Archive: January, 2012
The 18-year-old Southwest Philadelphia college freshman who allegedly came up with the idea of robbing a pizza delivery driver – gunned down as soon as he stepped out of his car -- has waived her right to a preliminary hearing and will go directly to trial on murder, robbery and related charges.
Xylaca Devlin waived her preliminary hearing during a brief appearance Wednesday before Philadelphia Municipal Court Judge David C. Shuter.
Devlin; Rashad Cheeseboro, 23; Michael Covington, 21; and Keyona Jones, 18; were arrested by Philadelphia police on Monday in the Jan. 3 murder of Ronald Anderson Jr., 29, a driver working at Hot Spot Pizza in Southwest Philadelphia for three months.
The last person facing trial in the 2009 drug-related killings of two people at the Piazza at Schmidts development in Northern Liberties is considering a plea deal from the District Attorney’s office, lawyers told a Philadelphia judge Tuesday.
Caesar Holloway is still deciding whether to accept the District Attorney’s proposal and plead guilty or take the charges against him to a jury trial, defense attorney Donald Chisholm II told Common Pleas Court Judge Benjamin Lerner.
Lerner, who handles pretrial issues for all city homicide cases, decided to add an element of encouragement: he wheeled the case to a trial judge.
Colleagues remembered Ennis Manns as a “passionate educator,” a veteran Philadelphia School District principal who continued working as a curriculum consultant for a private company after he retired in 2010.
On July 1, he was killed -- beaten to death, Philadelphia prosecutors allege -- by a 39-year-old man from a deprived background who never finished fifth grade.
That man, David Lawrence, waived his preliminary hearing in Philadelphia Municipal Court last Tuesday, electing to go directly to a trial on murder charges. If Manns’ alleged killer is known, the circumstances of the death of 58-year-old educator in an apartment in the first block of North 50th Street in West Philadelphia remain as murky – publicly, at least -- as they did in the days after his death.
The reinstated preliminary hearing for Eddie Wright -- the Texas street preacher arrested in October and charged with participating in the imprisonment of four mentally challenged adults in a Tacony basement – has been put off to Feb. 2 to give the Philadelphia judge time to read the voluminous transcript of an earlier proceeding.
Wright, 51, was arrested with Linda Ann Weston, 51, her boyfriend Gregory Thomas, 48, and her daughter, Jean McIntosh, 32, accused of imprisoning the four to collect their government benefit checks.
At a Dec. 20 preliminary hearing, Weston, Thomas and McIntosh were held for trial on kidnapping, conspiracy, assault, theft and related charges. But Municipal Court Judge Patrick Dugan dismissed the charges against Wright, citing testimony that Wright seemed also to have been manipulated and led by Weston. Witnesses testified that Wright slept in the fetid basement with the four imprisoned adults and Weston also collected his benefit checks.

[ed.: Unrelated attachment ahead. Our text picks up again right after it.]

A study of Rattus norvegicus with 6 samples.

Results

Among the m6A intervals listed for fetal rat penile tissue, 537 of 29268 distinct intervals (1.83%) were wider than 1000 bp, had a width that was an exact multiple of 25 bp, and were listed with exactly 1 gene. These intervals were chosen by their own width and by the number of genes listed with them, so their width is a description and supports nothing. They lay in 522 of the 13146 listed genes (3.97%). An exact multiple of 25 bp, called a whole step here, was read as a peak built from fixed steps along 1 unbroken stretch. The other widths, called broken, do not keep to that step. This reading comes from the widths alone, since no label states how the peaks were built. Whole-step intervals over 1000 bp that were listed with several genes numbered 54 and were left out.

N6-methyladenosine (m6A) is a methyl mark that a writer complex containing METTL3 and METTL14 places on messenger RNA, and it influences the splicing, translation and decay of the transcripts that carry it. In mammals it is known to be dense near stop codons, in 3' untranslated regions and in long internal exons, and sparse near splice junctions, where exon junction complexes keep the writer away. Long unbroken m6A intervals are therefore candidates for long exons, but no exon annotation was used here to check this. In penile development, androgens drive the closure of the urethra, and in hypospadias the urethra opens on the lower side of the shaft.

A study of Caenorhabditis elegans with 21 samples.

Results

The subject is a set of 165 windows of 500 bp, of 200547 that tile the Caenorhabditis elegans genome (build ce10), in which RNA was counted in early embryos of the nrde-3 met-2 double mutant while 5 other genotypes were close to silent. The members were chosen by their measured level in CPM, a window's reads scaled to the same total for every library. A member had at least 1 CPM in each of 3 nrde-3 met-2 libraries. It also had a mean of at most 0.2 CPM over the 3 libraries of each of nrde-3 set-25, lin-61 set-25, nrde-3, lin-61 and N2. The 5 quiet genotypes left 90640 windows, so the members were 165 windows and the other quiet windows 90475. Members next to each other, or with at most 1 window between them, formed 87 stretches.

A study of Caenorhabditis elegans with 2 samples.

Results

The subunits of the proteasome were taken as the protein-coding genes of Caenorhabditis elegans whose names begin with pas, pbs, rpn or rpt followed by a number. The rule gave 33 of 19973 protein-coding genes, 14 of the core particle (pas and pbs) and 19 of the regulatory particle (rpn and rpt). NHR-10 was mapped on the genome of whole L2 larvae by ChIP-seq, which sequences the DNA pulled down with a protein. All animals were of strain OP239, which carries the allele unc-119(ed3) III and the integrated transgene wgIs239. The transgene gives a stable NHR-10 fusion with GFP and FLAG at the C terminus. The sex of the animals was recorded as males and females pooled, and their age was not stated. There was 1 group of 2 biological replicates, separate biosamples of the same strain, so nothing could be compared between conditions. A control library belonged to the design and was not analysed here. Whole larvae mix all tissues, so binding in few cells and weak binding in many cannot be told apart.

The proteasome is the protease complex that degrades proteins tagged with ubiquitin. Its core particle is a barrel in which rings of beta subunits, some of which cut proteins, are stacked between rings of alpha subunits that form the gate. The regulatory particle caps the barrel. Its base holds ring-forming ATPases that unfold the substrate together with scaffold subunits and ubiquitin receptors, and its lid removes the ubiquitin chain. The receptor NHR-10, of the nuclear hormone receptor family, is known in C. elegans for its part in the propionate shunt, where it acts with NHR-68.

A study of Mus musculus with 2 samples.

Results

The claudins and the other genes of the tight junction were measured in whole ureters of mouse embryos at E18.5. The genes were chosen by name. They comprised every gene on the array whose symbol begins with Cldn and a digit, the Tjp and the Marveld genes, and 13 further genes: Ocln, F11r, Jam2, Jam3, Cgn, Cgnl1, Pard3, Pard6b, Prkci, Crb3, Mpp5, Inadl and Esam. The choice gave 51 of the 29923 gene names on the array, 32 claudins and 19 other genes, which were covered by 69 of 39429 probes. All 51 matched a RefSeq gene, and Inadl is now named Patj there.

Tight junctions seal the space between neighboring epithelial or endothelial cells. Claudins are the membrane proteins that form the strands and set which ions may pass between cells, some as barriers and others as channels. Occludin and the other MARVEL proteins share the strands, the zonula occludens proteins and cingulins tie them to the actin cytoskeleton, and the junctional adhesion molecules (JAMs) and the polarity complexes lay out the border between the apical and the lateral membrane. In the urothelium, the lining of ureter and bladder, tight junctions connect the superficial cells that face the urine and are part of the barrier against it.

Sixteen months have passed since police arrested Yvonne Hiller and charged the Lawncrest woman with killing two coworkers and wounding another during a terror-filled night shift at the Kraft Foods plant in Northeast Philadelphia.
Now there are signs the case against the mentally ill 45-year-old woman may be nearing resolution.
At a pretrial meeting Thursday before Philadelphia Common Pleas Court Judge Benjamin Lerner, defense attorney Constance Clarke said she and the prosecutor, Assistant District Attorney Gail Fairman, are “trying to negotiate a resolution of this matter. We’re closer than we’ve been in a while.”
Everything is relative and for Antonio Rodriguez -- the 23-year-old charged as the “Kensington Strangler” who killed three women in November and December of 2010 -- this year is looking up.
After almost a year hashing out pretrial issues with defense lawyers and Common Pleas Court Judge Benjamin Lerner, the District Attorney’s office has decided not to pursue the death penalty if Rodriguez is found guilty of first-degree murder.
At the same time, Rodriguez and defense attorney William L. Bowe have agreed not to demand a jury trial.
A Philadelphia jury spared Mustafa Ali’s life in February 2010, finding him guilty of first-degree murder in the 2007 slayings of two Loomis armored van guards at a Northeast bank branch but not imposing death by lethal injection.
The remainder of Ali’s life is now all but certain: life in prison without chance of parole.
On Dec. 28, the Pennsylvania Supreme Court denied without comment Ali’s request to have the high court review his conviction.